Real Estate Investor Warns of Desperate Victims Taking Matters Into Their Own Hands as Squatting Crisis Escalates

Shawn Meaike, a successful real estate mogul and serial entrepreneur, is sounding the alarm about the growing desperation among property owners facing squatting issues across the United States.

In an interview with Fox News Digital, Meaike expressed alarm that law-abiding citizens are being pushed to their breaking point as they watch their investments and dreams crumble due to the actions of illegal occupants.

“Something really bad is going to happen,” Meaike warned, fearing that the lack of legal recourse and law enforcement support in certain states will lead property owners to take drastic measures.

While he does not condone such actions, Meaike empathizes with the plight of these individuals, stating, “They bought a property. They believe in the American dream. They wanted to get ahead. And the American dream became the American nightmare because somebody took what was theirs and the law was on the criminal’s side.”

Squatting has become a national issue, with numerous shocking stories making headlines.

In some states, such as New York, squatters can gain legal rights under specific conditions, leaving homeowners and landlords with few options to reclaim their properties. Many are forced to endure costly and lengthy civil processes to resolve these situations.


“How many amazing Middle American families decided to pull together $40,000, put it as a down payment on two or three family home, and then somebody who doesn’t have any regard for any other human being breaks in and lives there,” he lamented.

The real estate mogul dismisses the notion that squatters are protected under adverse possession laws, emphasizing that these laws were intended to resolve minor disputes between neighbors, not to enable individuals to break into homes and claim ownership.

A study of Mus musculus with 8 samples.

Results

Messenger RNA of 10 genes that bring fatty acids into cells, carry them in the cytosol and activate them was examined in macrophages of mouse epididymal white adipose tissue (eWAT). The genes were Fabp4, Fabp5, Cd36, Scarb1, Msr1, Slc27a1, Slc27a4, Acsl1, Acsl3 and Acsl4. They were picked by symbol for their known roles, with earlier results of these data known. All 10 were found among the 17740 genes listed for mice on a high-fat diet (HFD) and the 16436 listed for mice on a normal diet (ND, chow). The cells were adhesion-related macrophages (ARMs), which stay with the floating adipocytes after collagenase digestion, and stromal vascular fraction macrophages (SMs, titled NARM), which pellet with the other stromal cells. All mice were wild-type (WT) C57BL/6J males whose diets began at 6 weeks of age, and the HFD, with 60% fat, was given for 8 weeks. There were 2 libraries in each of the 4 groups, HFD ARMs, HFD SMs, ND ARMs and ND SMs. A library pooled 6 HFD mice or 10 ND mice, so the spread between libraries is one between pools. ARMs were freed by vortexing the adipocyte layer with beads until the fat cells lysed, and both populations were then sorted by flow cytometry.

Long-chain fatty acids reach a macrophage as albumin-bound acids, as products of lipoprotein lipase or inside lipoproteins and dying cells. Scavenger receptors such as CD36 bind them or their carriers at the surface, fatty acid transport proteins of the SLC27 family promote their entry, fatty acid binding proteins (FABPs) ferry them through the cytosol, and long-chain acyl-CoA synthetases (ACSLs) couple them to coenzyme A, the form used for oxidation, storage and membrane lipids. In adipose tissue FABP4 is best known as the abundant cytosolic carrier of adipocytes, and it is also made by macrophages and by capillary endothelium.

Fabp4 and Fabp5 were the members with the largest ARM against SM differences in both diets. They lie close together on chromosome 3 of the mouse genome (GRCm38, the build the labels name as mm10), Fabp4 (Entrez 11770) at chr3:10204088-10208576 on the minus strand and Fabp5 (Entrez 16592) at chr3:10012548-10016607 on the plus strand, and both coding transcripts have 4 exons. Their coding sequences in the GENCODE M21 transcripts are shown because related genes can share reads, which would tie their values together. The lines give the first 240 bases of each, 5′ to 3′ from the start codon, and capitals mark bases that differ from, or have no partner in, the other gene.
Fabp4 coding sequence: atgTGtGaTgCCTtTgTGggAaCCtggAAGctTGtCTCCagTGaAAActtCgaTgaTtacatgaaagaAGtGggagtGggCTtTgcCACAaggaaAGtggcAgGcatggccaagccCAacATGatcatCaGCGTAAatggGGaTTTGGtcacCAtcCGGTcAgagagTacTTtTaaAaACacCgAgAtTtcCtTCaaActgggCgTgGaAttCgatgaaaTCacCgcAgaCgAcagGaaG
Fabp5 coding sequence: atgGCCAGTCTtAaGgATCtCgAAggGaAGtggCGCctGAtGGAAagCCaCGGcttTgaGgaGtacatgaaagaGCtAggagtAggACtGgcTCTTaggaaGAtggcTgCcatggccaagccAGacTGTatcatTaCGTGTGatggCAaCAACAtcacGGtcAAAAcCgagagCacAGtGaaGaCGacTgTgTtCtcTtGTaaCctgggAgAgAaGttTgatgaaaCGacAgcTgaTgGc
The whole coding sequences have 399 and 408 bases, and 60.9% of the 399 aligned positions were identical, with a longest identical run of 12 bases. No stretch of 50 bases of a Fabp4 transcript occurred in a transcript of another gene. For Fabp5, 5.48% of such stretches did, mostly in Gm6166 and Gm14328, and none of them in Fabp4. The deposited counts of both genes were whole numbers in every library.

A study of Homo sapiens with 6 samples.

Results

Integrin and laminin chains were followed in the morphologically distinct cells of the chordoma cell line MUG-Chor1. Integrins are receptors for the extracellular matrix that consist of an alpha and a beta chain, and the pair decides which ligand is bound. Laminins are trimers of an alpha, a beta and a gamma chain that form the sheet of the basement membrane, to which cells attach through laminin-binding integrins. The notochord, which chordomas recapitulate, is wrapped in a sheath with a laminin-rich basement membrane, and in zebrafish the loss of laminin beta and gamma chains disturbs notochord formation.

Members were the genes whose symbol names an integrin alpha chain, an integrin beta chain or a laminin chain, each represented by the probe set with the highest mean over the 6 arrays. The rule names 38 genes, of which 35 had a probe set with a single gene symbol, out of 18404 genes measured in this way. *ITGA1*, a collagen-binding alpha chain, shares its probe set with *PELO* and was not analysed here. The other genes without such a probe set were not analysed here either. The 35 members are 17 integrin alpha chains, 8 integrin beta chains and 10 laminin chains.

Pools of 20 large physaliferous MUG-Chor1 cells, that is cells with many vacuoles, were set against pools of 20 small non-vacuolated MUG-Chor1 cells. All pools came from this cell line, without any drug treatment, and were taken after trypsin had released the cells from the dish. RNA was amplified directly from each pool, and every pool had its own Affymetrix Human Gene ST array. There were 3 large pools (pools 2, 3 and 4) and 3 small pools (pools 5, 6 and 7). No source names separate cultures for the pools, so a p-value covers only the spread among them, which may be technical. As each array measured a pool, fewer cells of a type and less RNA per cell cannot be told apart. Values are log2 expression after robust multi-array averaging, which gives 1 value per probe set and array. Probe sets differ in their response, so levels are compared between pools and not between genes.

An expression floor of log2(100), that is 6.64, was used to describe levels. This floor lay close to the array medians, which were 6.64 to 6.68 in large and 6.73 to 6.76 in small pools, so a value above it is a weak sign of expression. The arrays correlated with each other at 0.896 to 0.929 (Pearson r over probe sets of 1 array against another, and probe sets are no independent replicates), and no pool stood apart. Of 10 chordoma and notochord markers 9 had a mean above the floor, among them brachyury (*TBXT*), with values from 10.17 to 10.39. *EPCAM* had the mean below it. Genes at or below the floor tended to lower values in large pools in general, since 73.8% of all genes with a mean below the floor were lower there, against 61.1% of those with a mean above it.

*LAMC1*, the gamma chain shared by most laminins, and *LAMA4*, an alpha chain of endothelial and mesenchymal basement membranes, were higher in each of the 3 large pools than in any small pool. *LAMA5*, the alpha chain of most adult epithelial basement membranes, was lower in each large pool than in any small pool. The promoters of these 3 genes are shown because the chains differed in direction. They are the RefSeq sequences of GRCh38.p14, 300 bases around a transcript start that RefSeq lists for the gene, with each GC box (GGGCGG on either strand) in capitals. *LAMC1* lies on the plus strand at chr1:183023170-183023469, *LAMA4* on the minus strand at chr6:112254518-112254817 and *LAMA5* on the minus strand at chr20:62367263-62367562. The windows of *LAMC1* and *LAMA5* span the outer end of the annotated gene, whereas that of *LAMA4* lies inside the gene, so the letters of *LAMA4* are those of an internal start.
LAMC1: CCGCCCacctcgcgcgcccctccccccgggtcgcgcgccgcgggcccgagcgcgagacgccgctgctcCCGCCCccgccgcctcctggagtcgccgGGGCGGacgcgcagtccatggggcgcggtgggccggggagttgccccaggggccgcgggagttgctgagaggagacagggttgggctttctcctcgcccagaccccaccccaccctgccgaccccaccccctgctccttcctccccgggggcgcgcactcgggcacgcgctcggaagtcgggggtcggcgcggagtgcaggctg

“It wasn’t for me to come down to 214 Main Street, kick the door in, break in, break the window, sit in there and go, ‘Haha, screw you, I live here,'” Meaike explained.

As the squatting crisis continues to escalate, Meaike fears for the financial well-being and emotional state of affected property owners.

“I think there’s a lot of really good people that are getting hurt, they’re getting screwed,” he said. “And, we’re supposed to be providing and protecting those that are abiding by the law, not those that are violating the law, and we’re doing quite the opposite nowadays.”

Some states, such as Florida, have taken steps to address the issue.

Republican Governor Ron DeSantis recently signed legislation eliminating squatters’ rights and increasing penalties for offenders.

However, Meaike believes that the problem will only worsen as people become emboldened to take what is not rightfully theirs.